THE RULES IN PRIORITY FOR SURFING AND BODYBOARDING

Surfing is all about reaching your limits, in contact with nature and it is, of course, a free sport. However, with the popularity of surfing, there are few spots where you can surf as you like. In order to start surfing or simply practice safely, you need to learn more about the priority rules.

Surfing and bodyboarding are well known to be sports that celebrate freedom and independence - however, the beginner surfer should know some rules so they are safe in the water. The aim is to avoid accidents and respect each other's waves. Of course, the most important rule is good manners and courtesy.

RESPECT SWIMMING AREAS

It is strongly discouraged and in some places prohibited to surf with a bodyboard, surfboard or stand up paddleboard in areas reserved for swimmers. These areas are often monitored by lifeguards and are marked by the presence of coloured flags. Avoiding these areas prevents the risk of accidents and injuries.

WHO HAS PRIORITY OVER THE WAVE?

The surfer with the green board who is closest to the spot where the wave breaks, called "peak", is considered to have priority over the surfer with the red board. This priority will be maintained for the length of the wave, other surfers like the one in red must not paddle the same wave.

SIGNAL YOUR DIRECTION ON THE WAVE

When a wave breaks both to the left and to the right, then both surfers have priority. The key is to communicate with each other to indicate your intention to go left or right. The ideal is to signal to other surfers wishing to surf the same wave the side towards which you are heading. Once again, the key words are good manners and courtesy.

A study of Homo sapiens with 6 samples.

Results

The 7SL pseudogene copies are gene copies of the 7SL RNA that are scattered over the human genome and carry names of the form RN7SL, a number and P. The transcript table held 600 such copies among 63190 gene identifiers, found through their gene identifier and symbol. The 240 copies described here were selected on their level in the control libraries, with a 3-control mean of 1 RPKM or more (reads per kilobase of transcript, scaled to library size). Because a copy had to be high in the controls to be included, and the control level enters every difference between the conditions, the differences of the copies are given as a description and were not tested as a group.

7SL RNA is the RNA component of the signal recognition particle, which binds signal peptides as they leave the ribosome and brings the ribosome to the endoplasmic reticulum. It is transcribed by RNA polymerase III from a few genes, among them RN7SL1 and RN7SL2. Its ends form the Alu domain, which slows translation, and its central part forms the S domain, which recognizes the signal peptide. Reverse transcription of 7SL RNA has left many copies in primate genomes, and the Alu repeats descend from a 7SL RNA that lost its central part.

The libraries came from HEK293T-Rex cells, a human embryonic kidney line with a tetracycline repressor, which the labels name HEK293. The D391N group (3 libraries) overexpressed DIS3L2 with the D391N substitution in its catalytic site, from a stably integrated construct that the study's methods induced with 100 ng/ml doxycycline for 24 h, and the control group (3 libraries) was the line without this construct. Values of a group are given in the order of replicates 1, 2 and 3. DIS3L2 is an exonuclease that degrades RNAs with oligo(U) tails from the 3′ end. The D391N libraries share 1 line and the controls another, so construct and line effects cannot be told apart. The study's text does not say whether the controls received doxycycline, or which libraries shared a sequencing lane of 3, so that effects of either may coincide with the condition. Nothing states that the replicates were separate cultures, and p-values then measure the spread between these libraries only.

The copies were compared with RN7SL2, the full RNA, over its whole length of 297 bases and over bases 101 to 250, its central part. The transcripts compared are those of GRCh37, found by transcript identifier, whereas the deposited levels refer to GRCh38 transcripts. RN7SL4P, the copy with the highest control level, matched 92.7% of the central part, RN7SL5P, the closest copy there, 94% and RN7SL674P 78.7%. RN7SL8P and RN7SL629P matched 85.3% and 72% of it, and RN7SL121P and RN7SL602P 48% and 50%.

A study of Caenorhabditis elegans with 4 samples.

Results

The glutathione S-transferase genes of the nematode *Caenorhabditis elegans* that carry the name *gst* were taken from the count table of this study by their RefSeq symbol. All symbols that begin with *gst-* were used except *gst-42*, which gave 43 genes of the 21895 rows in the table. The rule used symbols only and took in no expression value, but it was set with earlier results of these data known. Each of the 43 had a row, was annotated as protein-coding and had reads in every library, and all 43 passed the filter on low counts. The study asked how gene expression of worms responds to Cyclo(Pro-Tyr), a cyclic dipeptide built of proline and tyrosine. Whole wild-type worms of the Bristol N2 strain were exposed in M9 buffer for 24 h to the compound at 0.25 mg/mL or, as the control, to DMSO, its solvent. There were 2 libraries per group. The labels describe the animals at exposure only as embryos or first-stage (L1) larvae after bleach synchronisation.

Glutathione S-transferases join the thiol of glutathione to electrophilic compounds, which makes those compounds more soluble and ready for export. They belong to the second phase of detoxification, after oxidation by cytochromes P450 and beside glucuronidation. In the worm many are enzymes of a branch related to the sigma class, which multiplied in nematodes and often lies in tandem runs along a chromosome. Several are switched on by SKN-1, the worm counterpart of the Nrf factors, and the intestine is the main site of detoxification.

COLLISION COURSE?

When two surfers are surfing towards each other on a wave which breaks inwards, that is to say on the left and on the right, neither of the 2 surfers has the priority. In this case, both surfers are advised to get out of the wave as quickly as possible to avoid the collision and therefore the accident - again, it’s all about manners and courtesy!

HOW TO GET BACK TO THE PEAK SAFELY?

Once you have finished surfing your wave, always paddle around the waves, without disturbing the people still surfing. When the "lines" of waves are long, always pass where the wave is the least hollow (wait until there are no surfers in the way), to avoid any collision and injuries.

FALLING IN THE IMPACT ZONE

If you fall in the "impact zone" (where the waves break), do not try to go straight back out towards the "peak". First wait for the set to pass, staying in the white water while holding your board and then you can go back out to the "peak", paddling around the waves, on the shoulder, as previously explained.

AND WHAT IF I DROP IN ANOTHER SURFER'S WAVE?

If you accidentally take another surfer's wave, it is recommended that you get off the wave as soon as possible - to avoid further risk of a collision, pull off the back of the wave, leaving the face of the wave free to the surfer with priority. When you get back to the peak, apologise clearly and humbly, the atmosphere in the water will immediately get better again. You will often find these priority rules on boards at beach entrances or in surf schools.